L Daxon

First let me say here in central Oklahoma we are in our 26th day out of 27 with temps over 100 degrees and there is no end in sight to the heat wave.  Honey flow stopped several weeks back and while a few bees are coming and going from the hives, many seem to be just sitting and doing nothing. Looks like my queens have slowed way down in the laying department.

My question has to do with uncapped stores.  I have one 8 frame medium in particular that has been completely filled with honey but only half capped off for at least a month. About the top 1/3 to 1/2 of most frames are capped but the bottoms of the frames are all still open (but the cells appear to be full). The honey in the open cells appears to be thick.  I have been waiting to take the box off until all the cells are capped but I am wondering if that is going to happen.  I certainly don't want to leave the box on and risk it being robbed out. I want to extract it.  Suggestions on what I should do?

Thanks. Linda D
VolunteerK9


« Reply #1 on: July 17, 2011, 01:26:42 PM »

Turn the uncapped frame sideways and give it a good shake. If none of it comes loose from the cells, its probably ok to extract anyways capped or not. I did this on several of mine and it turned out fine.

Let me say this first with the shake test.  Be careful when doing it.  This is where some of my chunk honey comes from when it breaks out of the frame. 
You can also freeze the frames until fall or next spring.  I do this sometimes.   

For me when I check-Shake means, Hold frame by ears, right brisk downward motion with an abrupt stop. The abrupt stop is the key to see if the nectar- honey dislodges from the cells.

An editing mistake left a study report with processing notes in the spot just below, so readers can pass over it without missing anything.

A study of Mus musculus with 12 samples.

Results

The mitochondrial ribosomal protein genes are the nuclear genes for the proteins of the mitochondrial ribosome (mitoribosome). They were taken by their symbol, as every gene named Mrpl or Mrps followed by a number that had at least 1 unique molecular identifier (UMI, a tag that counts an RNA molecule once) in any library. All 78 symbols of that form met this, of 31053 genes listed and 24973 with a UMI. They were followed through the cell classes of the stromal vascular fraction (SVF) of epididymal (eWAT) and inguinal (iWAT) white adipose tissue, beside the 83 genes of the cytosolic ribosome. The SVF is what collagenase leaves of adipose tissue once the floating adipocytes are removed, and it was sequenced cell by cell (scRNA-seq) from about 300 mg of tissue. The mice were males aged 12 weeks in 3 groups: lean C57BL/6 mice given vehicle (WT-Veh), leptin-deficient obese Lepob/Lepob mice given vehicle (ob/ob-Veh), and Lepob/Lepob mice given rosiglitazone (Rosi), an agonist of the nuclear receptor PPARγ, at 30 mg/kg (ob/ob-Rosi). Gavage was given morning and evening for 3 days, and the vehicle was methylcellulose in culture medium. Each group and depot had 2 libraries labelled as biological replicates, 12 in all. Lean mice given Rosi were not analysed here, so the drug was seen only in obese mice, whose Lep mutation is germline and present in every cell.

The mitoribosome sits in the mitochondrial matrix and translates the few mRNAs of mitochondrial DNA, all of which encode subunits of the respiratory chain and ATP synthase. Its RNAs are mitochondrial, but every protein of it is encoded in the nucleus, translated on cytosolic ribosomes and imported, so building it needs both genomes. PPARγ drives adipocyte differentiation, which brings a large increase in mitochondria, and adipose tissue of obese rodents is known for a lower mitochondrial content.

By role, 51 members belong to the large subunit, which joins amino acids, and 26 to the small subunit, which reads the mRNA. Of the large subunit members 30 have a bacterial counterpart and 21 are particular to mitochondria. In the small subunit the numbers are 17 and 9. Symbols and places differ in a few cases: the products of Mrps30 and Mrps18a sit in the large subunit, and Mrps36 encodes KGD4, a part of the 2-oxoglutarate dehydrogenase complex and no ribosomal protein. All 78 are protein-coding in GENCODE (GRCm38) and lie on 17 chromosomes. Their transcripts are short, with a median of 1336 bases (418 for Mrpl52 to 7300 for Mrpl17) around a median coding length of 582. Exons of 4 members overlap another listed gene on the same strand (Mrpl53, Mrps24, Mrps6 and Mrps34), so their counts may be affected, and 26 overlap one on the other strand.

Of course a refractometer is the only sure way but from conditions you described you are probably OK.
garys520

I had  10 frames last year that passed the shake test and had a dull glaze over the honey, but after I extracted all of the frames I borrowed a Refractometer and the honey had 22% moisture.  I purchased a Refractometer for myself this season so I won't make that mistake again.   

I am thinking as hot as it has been outside I would think one month of temperatures above 100 surely would have evaporated the moisture out of the honey.
BrentX

are the bees eating the uncapped honey to get them through the dearth?  Just a thought.

I imagine that 2X4's at Homo Depo in Connecticut have more moisture in them than air in Oklahoma in a dry hot spell.  I seriously doubt that if it passes the shake test it is not fine.  Carefully shear off enough to half fill a pint jar and see how it runs in the jar.  Compare it to the honey in the store.  I am sure they add water if it is dryer than 18%! If it has less slump than store honey you are OK.

>Carefully shear off enough to half fill a pint jar and see how it runs in the jar.  Compare it to the honey in the store.  I am sure they add water if it is dryer than 18%! If it has less slump than store honey you are OK.

 Undecided  huh
L Daxon

Yeah, I guess I could crush and strain the bottom half/quarter of one of the frames and see if it runs/tastes normal.  I doubt that the girls aren't capping it because they are eating it, though I hadn't thought about that.  There is another super that is about fully capped and plenty of stores in the sides of the 3 brood boxes.

>Yeah, I guess I could crush and strain the bottom half/quarter of one of the frames and see if it runs/tastes normal.

You think you will be able to determine mositure content by how it runs and taste (Removed Icon). Maybe if it ferments when it is bottle if the moisture happens to be too high, you will be able to taste the difference Wink They call it the begining of mead I belive!